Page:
Make sure you say thank you to a veteran this Saturday. We recognize and honor the service of our veterans on Veterans Day, Saturday Nov. 11 this year.
The day recalls the armistice that ended World War I — dubbed The Great War and The War to End All Wars — that went into effect at 11 a.m. Nov. 11 1918. The Allies and the Germans signed the ceasefire, known as the Armistice of Compiègne, in a train car in France, but the war officially ended with the Treaty of Versailles, signed seven months later on June 28, 1919.
Following a proclamation by President Woodrow Wilson in November 1919, Nov. 11 became Armistice Day.
“To us in America, the reflections of Armistice Day will be filled with solemn pride in the heroism of those who died in the country’s service and with gratitude for the victory, both because of the thing from which it has freed us and because of the opportunity it has given America to show her sympathy with peace and justice in the councils of the nations … ” Wilson said
Armistice Day became a legal holiday in 1938, but in 1954 Nov. 11 became Veterans Day to honor the service of those who served in Korea as well as all American veterans of all wars.
President Dwight D. Eisenhower proclaimed, “In order to insure proper and widespread observance of this anniversary, all veterans, all veterans’ organizations and the entire citizenry will wish to join hands in the common purpose.”
In 1968, the government tried to create four three-day holiday weekends for federal employees, and Veterans Day was celebrated on a Monday for a few years. But the change proved unpopular, and in 1975 President Gerald Ford reinstated Nov. 11 as the date for Veterans Day.
Unfortunately, World War I did not end all wars, and today, on Veterans Day, we honor all those who served our country in the armed forces of the United States.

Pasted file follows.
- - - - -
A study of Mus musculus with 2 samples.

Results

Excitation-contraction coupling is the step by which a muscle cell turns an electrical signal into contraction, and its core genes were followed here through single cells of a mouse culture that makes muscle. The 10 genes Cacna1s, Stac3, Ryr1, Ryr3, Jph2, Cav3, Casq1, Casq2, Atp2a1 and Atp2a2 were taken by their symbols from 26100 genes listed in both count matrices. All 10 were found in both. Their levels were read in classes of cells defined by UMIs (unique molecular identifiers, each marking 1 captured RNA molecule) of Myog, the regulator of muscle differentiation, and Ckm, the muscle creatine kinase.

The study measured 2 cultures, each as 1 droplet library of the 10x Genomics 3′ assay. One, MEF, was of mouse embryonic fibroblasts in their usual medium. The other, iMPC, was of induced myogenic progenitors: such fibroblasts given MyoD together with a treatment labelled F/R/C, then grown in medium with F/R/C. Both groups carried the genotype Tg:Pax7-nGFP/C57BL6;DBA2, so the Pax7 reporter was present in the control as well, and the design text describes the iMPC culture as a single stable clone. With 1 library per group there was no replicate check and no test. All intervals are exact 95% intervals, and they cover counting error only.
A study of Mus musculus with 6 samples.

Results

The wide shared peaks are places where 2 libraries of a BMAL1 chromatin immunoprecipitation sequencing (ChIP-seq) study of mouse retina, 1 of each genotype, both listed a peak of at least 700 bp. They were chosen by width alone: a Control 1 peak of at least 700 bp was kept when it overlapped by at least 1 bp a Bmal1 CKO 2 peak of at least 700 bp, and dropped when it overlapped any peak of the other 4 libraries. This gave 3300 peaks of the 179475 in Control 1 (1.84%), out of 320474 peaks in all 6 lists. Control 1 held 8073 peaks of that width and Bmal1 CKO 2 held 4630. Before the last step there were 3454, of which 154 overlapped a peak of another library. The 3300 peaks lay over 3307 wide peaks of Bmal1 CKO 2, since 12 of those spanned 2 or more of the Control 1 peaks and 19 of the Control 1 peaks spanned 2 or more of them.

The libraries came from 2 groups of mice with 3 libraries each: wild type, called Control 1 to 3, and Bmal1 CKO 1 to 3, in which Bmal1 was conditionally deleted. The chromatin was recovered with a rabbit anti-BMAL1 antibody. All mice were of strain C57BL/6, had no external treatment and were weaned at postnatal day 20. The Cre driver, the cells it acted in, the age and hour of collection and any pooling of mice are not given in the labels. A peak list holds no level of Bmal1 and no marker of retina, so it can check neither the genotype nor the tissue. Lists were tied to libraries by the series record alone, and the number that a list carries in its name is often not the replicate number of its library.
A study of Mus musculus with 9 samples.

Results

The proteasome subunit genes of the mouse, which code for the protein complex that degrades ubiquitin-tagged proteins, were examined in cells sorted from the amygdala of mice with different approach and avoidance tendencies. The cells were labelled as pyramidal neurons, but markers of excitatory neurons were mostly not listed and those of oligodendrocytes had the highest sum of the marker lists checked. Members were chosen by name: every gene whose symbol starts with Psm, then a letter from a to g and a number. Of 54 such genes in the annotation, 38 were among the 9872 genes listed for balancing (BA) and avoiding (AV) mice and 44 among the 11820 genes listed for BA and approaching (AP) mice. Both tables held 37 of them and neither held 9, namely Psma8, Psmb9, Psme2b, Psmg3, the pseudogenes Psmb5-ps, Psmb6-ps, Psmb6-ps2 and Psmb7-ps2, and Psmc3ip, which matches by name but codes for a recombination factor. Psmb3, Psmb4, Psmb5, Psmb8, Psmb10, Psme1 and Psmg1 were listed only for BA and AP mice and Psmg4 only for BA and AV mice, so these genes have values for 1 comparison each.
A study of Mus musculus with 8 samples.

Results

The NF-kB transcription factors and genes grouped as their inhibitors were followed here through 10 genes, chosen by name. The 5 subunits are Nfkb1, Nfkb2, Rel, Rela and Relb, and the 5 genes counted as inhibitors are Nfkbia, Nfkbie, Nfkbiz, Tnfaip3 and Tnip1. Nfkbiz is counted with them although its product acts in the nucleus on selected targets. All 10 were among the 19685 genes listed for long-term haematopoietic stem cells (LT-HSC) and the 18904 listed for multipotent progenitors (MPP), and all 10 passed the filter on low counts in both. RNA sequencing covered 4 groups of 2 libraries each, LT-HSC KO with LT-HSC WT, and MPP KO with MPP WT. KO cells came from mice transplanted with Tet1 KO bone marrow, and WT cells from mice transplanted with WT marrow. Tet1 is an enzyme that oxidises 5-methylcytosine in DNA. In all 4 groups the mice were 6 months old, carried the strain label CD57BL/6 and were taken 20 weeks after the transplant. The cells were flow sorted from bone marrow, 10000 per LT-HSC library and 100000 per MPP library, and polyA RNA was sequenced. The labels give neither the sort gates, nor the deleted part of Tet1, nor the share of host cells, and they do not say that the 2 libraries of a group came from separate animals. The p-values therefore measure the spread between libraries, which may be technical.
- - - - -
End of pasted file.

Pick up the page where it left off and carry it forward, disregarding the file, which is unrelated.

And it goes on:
No veterans from World War I remain. The aging World War II veterans, members of what has been called America’s Greatest Generation, have reached their most senior years. America entered World War II 75 years ago in December 1941 after the sneak attack on Pearl Harbor.
From the 1950s until today, men and women in uniform have served in Korea, and some fought in a conflict many consider has been nearly forgotten. In the 1960s and early 1970s, our veterans also served in Vietnam and Southeast Asia. Many veterans of that era believe a thankful nation did not welcome them home or properly recognize their service. And there have been other conflicts all around the world — and in Afghanistan and Iraq.
Let’s make this Veterans Day special by honoring the service and sacrifice of the veterans who served to ensure our freedom and our way of life would endure. Let’s not forget some of them paid the ultimate price.
A parade on Main Street in Susanville begins about 10 a.m., Saturday, Nov. 11, and all Lassen County residents have an opportunity to recognize and honor the service of our local veterans who served the great cause of freedom.
Here’s a heartfelt thank you to each and every one of you for your service to our nation and your sacrifice to further the cause of freedom.